Sharings and journeys at the Winter Happiness Festival 2018
“It’s almost like you could feel the love in the room”
On Sunday 4 February, the Museum of Happiness wrapped up its 2018 Winter Happiness Festival with a celebratory Gong Bath. Approximately 2,000 visitors attended during the two-week festival, which started on Saturday 20 January. The festival’s highlight was a ball pit filled with over 30,000 white balls and loads of soft blue pillows. The rest of the Museum space was filled with installations and activities intended to inspire happiness and happiness workshops and talks were held throughout the festival.
“We wanted to create an event that brought people from different backgrounds, where people can come together and channel their inner child,” said Vicky Johnson, a Co-founder and Director of the Museum.
The timing of the festival was meant to lift the mood and inspire happiness at a time when people are feeling the most down.
“Blue Monday [generally the third Monday of January] is supposed to be the most depressing time of year,” Vicky said. “And winter can be quite a depressing, lonely, isolating time of year in general.”
Sasha Mattock, a London resident, first came to the museum for an Awakin Circle meditation event and she was so charmed by the experience that she came back again on the final day of the festival.
“It’s been really lovely and welcoming,” she said. “Everyone just invites you into the space. I like it because everyone is really open and honest with the way they interact. I realised that’s what’s been making me uncomfortable in London and how different a space is when you can really say how you are and aren’t being shut out.”
The Museum of Happiness operates thanks to the help of many dedicated volunteers. Extra hands were brought on deck during the festival to meet the needs of the increased volume of visitors. The volunteers interacted with the guests, welcomed them into the space, sat down to chat, made tea, and worked side-by-side with them on activities.
One Arlington House resident, best known at the Museum as James the Poet, was a regular fixture at the museum throughout the Winter Happiness Festival. In addition to making tea and chatting with guests, James wrote and shared his poetry. He often asked visitors what they’d like to read a poem about and then wrote it there, on the spot. By the end of the festival, he estimated that he’d written about 150 poems in the span of two weeks.
“I come down and write my poetry and let other people see them,” James explained. “If they’re feeling down, hopefully, it makes them feel better. It’s helped change my life.”
James’ inspiring story touched many of the attendees. On the opening day of the event, James shared the hardships he’s been through and read some of his poems for a group of attentive guests, seated on the cushy astroturf floor.
“If it wasn’t for Rosa and Vicky, I probably wouldn’t be alive right now,” James said.
Prior to moving into the hostel, James had been homeless and caught up in gang activity. He was stabbed and nearly lost his life last year. Life has never been easy for James and he said he considered giving up many times. But he met the staff and volunteers at the Museum of Happiness who engaged with him and welcomed him into the space.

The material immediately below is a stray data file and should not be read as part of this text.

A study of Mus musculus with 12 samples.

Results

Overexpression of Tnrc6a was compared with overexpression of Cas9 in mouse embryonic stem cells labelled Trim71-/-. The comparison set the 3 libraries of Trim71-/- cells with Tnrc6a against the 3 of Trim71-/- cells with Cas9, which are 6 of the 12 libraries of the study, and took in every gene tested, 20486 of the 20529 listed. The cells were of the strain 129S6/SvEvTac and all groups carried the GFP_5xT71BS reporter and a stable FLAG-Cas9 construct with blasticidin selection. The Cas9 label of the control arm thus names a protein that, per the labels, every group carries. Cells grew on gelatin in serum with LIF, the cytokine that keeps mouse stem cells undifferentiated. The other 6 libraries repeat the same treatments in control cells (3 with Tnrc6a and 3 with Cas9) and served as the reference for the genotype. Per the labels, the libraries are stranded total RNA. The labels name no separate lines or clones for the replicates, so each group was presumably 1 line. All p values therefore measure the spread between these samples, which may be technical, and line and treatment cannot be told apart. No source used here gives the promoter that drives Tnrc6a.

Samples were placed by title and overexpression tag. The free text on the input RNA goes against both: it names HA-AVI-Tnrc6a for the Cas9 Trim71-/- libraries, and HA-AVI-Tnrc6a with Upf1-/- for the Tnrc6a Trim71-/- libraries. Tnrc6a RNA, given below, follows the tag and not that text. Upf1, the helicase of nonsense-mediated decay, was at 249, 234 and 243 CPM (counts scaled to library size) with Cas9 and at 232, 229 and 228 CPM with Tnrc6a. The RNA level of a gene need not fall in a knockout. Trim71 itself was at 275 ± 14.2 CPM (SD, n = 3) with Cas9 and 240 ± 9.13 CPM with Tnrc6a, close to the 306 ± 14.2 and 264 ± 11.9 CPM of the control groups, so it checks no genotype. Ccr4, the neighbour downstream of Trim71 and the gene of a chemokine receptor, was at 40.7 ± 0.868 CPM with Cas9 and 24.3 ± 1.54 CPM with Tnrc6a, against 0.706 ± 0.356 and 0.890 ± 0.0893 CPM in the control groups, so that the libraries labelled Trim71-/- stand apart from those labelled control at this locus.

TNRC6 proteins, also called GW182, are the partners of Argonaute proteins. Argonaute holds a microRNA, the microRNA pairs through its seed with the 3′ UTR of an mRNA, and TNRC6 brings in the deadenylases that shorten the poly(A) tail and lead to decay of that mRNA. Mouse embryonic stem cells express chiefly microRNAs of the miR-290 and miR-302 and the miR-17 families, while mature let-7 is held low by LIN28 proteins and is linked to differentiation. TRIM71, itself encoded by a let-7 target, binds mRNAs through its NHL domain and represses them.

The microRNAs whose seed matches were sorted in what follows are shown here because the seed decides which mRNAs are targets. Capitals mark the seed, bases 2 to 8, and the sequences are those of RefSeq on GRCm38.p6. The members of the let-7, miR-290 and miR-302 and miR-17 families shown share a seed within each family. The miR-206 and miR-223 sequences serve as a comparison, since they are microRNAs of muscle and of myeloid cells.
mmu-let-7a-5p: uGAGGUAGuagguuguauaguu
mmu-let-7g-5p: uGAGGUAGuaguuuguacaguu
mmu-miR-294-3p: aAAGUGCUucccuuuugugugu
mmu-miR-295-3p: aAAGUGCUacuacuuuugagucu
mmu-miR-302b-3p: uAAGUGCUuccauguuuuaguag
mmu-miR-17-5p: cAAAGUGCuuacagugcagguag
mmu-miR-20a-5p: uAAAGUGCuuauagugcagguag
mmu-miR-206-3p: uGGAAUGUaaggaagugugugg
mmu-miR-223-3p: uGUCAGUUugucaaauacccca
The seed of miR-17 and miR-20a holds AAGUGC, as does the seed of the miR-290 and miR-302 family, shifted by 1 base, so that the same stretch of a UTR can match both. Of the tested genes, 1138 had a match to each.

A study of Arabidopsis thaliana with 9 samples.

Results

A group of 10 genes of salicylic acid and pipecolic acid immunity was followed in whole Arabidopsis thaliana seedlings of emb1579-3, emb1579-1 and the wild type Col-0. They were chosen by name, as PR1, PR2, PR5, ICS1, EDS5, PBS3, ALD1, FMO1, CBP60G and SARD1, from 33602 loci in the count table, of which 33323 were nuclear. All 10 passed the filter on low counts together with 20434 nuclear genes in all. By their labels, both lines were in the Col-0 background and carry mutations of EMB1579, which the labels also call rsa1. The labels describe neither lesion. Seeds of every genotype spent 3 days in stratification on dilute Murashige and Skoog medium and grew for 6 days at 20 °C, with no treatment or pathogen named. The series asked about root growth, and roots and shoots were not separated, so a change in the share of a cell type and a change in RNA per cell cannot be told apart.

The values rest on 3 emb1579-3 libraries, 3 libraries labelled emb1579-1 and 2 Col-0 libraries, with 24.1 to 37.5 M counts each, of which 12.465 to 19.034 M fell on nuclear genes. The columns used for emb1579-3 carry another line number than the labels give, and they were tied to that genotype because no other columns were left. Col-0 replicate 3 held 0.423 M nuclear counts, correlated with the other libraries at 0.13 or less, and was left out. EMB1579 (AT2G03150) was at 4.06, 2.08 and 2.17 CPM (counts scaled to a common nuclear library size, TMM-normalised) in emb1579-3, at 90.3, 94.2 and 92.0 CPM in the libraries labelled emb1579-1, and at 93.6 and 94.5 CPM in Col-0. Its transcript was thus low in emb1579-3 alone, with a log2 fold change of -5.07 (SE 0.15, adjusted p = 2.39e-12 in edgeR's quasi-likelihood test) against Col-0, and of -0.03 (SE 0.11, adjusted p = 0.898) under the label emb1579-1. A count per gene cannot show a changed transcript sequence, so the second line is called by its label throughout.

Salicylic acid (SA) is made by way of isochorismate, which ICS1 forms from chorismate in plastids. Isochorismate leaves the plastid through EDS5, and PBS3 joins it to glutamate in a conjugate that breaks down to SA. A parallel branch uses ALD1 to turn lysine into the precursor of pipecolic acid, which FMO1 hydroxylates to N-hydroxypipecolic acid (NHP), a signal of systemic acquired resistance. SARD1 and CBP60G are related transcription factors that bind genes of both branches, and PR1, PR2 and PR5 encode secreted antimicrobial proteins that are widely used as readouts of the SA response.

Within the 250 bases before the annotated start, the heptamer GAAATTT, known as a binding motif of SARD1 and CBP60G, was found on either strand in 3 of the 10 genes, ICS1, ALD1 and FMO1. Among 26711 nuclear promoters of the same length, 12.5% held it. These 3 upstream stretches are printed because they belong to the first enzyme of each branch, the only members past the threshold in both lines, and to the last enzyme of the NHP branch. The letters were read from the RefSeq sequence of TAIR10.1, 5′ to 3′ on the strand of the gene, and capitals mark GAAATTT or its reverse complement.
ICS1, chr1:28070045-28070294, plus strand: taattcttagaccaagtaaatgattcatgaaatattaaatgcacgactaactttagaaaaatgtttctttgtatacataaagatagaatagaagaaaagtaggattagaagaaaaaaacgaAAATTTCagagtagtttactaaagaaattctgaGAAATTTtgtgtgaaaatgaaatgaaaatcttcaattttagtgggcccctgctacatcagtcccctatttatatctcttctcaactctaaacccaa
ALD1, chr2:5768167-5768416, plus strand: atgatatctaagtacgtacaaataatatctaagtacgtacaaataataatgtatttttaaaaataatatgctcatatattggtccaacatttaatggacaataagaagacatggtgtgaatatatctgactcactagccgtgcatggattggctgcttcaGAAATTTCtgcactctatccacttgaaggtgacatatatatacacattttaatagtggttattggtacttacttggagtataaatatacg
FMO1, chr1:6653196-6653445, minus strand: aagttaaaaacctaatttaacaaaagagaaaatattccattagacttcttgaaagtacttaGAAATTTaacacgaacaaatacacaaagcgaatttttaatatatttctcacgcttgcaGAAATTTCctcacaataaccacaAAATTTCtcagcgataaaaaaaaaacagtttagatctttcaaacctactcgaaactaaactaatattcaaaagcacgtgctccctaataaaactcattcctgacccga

“When I first moved into the hostel about three months ago, I was still agitated about my stabbing, and I used meditation to help get over it and get out of the gangs,” James said. “It really helps… I’ve found my family here.”
Another festival attendee and featured guest was Baba Jay, a formerly homeless musician, who came in on several occasions during the two-week festival. He first found the Museum of Happiness by accident, a few days before the festival began. Baba was on his way to find a nearby music studio when he stumbled into the museum thinking he was at the right place. He saw Vicky and assumed she was the music tutor. She ended up inviting him to come play his music during the Winter Happiness Festival.
On the opening day, Baba Jay performed a few songs he’d written, along with some covers. He said he felt instantly at home in the museum.
“When I came here, it was really like meeting long lost friends even though they’re all strangers,” Baba said. “There’s a nice warmth and you feel safe. The main thing was I felt like I wasn’t weird. I’ve gone through my whole life feeling different.”
Baba Jay has also faced many challenges in his life. He’d lived on the streets as a young man and struggled with alcohol addiction. He says music helped get him out of trouble. Baba shared his own story to inspire museum guests, before performing his songs.
“Before I came here, I used to go around smiling at people, and people [were] thinking I was weird… But when I came here, they actually understand,” Baba Jay said.
The Museum of Happiness is always filled with like-minded people who are working towards positive change and pursuit of happiness.
Another volunteer, Katie Bell, of Kingston, said she found the Museum of Happiness at a networking event focused on mindfulness, fitness and social enterprise. She had recently quit her job, because she wanted to be a part of the bigger picture, working alongside a community, toward a shared goal. She found what she was looking for at the museum and knew right away that she wanted to be involved.
“You could instantly tell that everyone here was doing something to work on themselves or with other people,” Katie said.
The Winter Happiness Festival may now be over, but most of the activities and installations set up for the celebration remain in place for visitors to enjoy. The events calendar is filled with classes, talks and workshops that will continue to spread joy among all those who pass through the Museum’s bright yellow doors.
“It lives up to its name — the Museum of Happiness,” Baba Jay said. “I feel blessed and I feel grateful that I found this place just by chance.”